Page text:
Good morning, afternoon or evening, wherever you live on Earth!
I am Mark from Amazing Gaming Productions, and this is another story advice blog for Writers, Game Devs and Comicbook creators.
Today’s blog is about story arcs for Static Character Arcs (SCAs)
The story arc of any story is the antagonist’s story. They have goals they want to achieve. Antagonists always have the worst aspects of the theme of the story.
For Horizon Zero Dawn, the theme was humanity’s overreliance on AI and machines, leading to their downfall. For HZD, the antagonistic force has to be AI and machines.
In a Static Character Arc, the world is wounded and in chaos, not the protagonist. When you create the antagonistic force, find its main weakness and exploit it.
In HZD, AIs and machines can only do what they are programmed. While they simulate “thought and decision making”, they can only follow their programming.
If the Faro Plague could think, it would not extinguish all life on Earth because that means it would not have fuel for power. But the robots can only follow their programming and destroy everything and replicate until there is no fuel left.
When you create an SCA, think about the weaknesses of the antagonist.
What is holding them back from achieving their goals, so the Protagonist’s strength overcomes their blindspots!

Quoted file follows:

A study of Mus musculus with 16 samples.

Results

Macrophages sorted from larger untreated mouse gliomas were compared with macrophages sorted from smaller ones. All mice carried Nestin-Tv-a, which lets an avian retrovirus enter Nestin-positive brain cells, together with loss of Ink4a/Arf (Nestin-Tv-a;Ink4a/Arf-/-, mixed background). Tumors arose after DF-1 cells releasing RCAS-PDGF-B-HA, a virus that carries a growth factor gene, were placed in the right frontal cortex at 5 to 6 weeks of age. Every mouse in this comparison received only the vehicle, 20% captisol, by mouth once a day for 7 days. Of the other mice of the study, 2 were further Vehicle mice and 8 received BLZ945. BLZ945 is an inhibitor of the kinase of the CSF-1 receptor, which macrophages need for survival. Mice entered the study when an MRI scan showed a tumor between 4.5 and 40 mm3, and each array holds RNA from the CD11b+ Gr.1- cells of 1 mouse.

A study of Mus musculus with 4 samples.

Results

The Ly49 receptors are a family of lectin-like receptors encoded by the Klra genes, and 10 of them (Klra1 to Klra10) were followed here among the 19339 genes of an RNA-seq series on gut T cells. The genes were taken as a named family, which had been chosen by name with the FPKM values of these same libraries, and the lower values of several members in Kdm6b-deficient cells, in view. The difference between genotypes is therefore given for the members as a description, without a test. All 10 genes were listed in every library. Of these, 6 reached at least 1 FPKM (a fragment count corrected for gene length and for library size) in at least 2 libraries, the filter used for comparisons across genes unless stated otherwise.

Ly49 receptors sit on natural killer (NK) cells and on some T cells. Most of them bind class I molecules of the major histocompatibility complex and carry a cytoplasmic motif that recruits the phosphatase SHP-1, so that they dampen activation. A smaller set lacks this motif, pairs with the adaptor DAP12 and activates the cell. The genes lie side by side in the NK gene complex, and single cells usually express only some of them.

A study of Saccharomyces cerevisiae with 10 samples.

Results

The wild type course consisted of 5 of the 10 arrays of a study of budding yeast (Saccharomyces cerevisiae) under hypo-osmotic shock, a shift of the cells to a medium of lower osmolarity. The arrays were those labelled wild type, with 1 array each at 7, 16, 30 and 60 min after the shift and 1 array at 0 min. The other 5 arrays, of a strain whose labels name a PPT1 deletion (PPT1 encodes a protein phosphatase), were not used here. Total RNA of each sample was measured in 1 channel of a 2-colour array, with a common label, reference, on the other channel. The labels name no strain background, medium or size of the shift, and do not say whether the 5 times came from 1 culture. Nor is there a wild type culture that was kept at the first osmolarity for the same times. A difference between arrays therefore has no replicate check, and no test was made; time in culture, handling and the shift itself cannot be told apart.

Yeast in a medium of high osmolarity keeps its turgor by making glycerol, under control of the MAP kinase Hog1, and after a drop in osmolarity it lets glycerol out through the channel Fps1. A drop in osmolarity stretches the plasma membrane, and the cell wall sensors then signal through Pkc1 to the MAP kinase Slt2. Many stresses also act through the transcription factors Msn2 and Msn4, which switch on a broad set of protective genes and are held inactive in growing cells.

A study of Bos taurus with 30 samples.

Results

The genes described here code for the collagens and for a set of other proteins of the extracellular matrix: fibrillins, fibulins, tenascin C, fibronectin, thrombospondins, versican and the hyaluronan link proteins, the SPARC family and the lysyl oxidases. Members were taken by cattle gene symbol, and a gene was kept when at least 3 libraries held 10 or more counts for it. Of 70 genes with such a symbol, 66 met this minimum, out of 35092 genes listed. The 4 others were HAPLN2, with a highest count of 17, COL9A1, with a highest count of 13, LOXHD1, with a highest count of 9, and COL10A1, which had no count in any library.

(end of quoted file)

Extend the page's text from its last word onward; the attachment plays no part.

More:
Aloy’s self-reliance and compassion inspire others to face Hades, who can only do one thing – destroy all life on Earth.
The HZD story starts 9-months before Aloy is born. A signal tells the Gaia Network to activate Hades, who will destroy all life on Earth in 2 months without a reprieve this time.
Gaia, the AI responsible for terraforming the planet, tries to prevent Hades’ activation. Hades activates all the other subroutines, Gaia initiates Aloy’s birth, and the story starts.
Again, this shows the weakness of AI – it can only follow its programming. Gaia can only perform the functions of the terraforming network, and Hades can only destroy all life on Earth and set Gaia’s mistakes back to square 1.
After this, Hades is offloaded to a Horus class Titan. Hades sends a signal that interest Sylens, who helps Hades create the infrastructure to extend its reach in the world.
After it sees Aloy, the clone of Elizabet Sobeck, who can reset the Terraforming network, it goes berserk and orders her death. Her existence would prevent it from achieving its programming.
Aloy survives, and when it finds out she is still alive, it goes berserk again. She can not be allowed to defeat it; it must kill her!
When Aloy destroys its communication network, it launches its final plan to fulfil its programming, but Aloy stops it with her ingenuity and allies. It can only find the easiest way to execute its programming, a straight line from A to B. Aloy could learn many more things and overcome the programming with the help of all her allies.
When you create a story arc for a Static Character, remember the antagonist should have a weakness.
AIs and machines can only have one set of instructions limiting them to what they can and cannot do. Humanity can laterally think, which ends up preventing the AIs’ goals.
Whether Aloy can defeat Hades, or Elizabet Sobeck’s ability to outthink the Faro Plague and create Project Zero Dawn, humanity laterally thinks in ways that prevent the goals of AIs.
Always look at the weaknesses brought by some aspect of their antagonist. Maybe your antagonist is someone who is lying for “Fame, Clout, and Money!” so if someone revealed the truth, their life could come crashing down!